Secrets of Wine Investment for Making Good Money
Investors know the importance of diversifying their portfolio, and buying fine wines is a way to expand that diversification beyond the traditional world of stocks and bonds. Fine wines are usually profitable over the long term, and can yield some remarkable returns. Global demand for exquisite wine has boomed significantly over the past 10 years. Fine wine is not an object of enjoyment anymore, but a sensible investment commodity. In spite of this, a small fraction of the world's wines have the capacity to increase in value. If you are contemplating investing in wine, here are some tips that can help you make money there.
Before you invest in anything, you should learn about it, and the world of wine is no exception. Read as much as you can find about the top investment grade wines. Learn the major wine regions, especially in France, and find out the top producers there and what they are known for. Sample fine wines yourself so you can begin to understand the differences. Study the track record of different wines, so you can start to see the type of returns on investment that are possible. Learning about wine will be an on-going process, but the more you know, the better.
Understand how wine appreciates
First of all, you want to invest in red wines, not whites. This is because red wines mature and develop over a longer period of time (sometimes 50 years or even more), while most white wines reach their peak and start to decline much sooner. The fact that red wine can get better as it ages is one of the reasons that it increases in value. You buy the wine when it is young, cellar it properly for years, and then sell it when it reaches the perfect point. A second reason that wine goes up in value is because the supply goes down. A chateau only produces so many bottles of a particular vintage. As consumers drink those bottles, the number left on the market decreases, which raises the price.
Understand the risks
There is no such thing as a guaranteed investment, and wine is no exception. Not all wine goes up in value. You also face risks of breakage or spoilage. If wine is not transported carefully and stored in a perfect, climate-controlled environment, it can spoil and turn to vinegar, and you lose your investment. You may also have difficulty selling it quickly when you want to get your cash out, because unlike stocks or bonds, selling wine takes time to find the right buyer. Another risk is holding onto it too long, so that the wine peaks in quality and begins its decline.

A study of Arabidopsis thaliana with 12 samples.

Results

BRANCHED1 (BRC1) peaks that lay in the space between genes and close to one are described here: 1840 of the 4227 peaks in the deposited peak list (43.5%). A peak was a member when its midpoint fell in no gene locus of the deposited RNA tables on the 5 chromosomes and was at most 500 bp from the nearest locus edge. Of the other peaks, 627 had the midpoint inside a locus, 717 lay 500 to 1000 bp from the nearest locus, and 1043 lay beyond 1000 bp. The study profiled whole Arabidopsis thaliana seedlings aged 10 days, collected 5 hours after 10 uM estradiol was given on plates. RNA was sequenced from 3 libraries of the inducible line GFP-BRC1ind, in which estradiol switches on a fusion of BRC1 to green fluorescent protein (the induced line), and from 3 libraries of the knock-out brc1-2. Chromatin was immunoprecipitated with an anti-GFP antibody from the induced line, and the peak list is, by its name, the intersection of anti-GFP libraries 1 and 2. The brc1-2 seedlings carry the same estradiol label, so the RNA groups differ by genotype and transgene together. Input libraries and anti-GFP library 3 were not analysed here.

Study what the wine critics say
In the field of fine wines, there are a handful of wine critics who wield enormous power. If Robert Parker says that a wine is superb, the price can shoot up. If he says that a wine is disappointing, its value can plummet. Study what these wine experts say, getting familiar with the major critics and how they evaluate wine. Try some wines yourself, and see if you can pick up on the nuances that they describe. Uncovering the latest wine trends can also be helpful when it comes to making money with wine investments.
"Liquid" wines are the best
If you're looking to get into the wine investment business, you should turn your attention to "liquid wines". It's really important to select a product with sufficient volume of supply and liquidity, as well as with a well-established track record. In case a wine portfolio has wines with diminished financial liquidity (en-primeurs or very young wines), the risk profile of the initial investment may rise tremendously. New investors are advised to know the market prior to starting to spend any money. Check Liv-ex, talk to experts in the field, hire someone to help you deal with the paperwork, and don't make irrational decisions, no matter how tempting they may seem.
Profiting from wine investment business is challenging. Patience, commitment and love for the product itself, are all critical traits you must possess. There are risks involved; however, as long as you make sensible decisions, you have great chances of witnessing incredible returns.
About the Author
William Taylor is the writer of this article and is a regular contributor at many sites, mainly focusing on business related topics. He recommends www.wineinvestment.com which provides a range of leading edge service solutions to the fine wine market.
- Fine wines are usually profitable over the long term, and can yield some remarkable returns.
- There is no guarantee that any wine will increase in value.
- Study the track records of wines and what critics are saying.
- Profiting from wine investment business is challenging and patience, commitment and love for the product itself are necessary.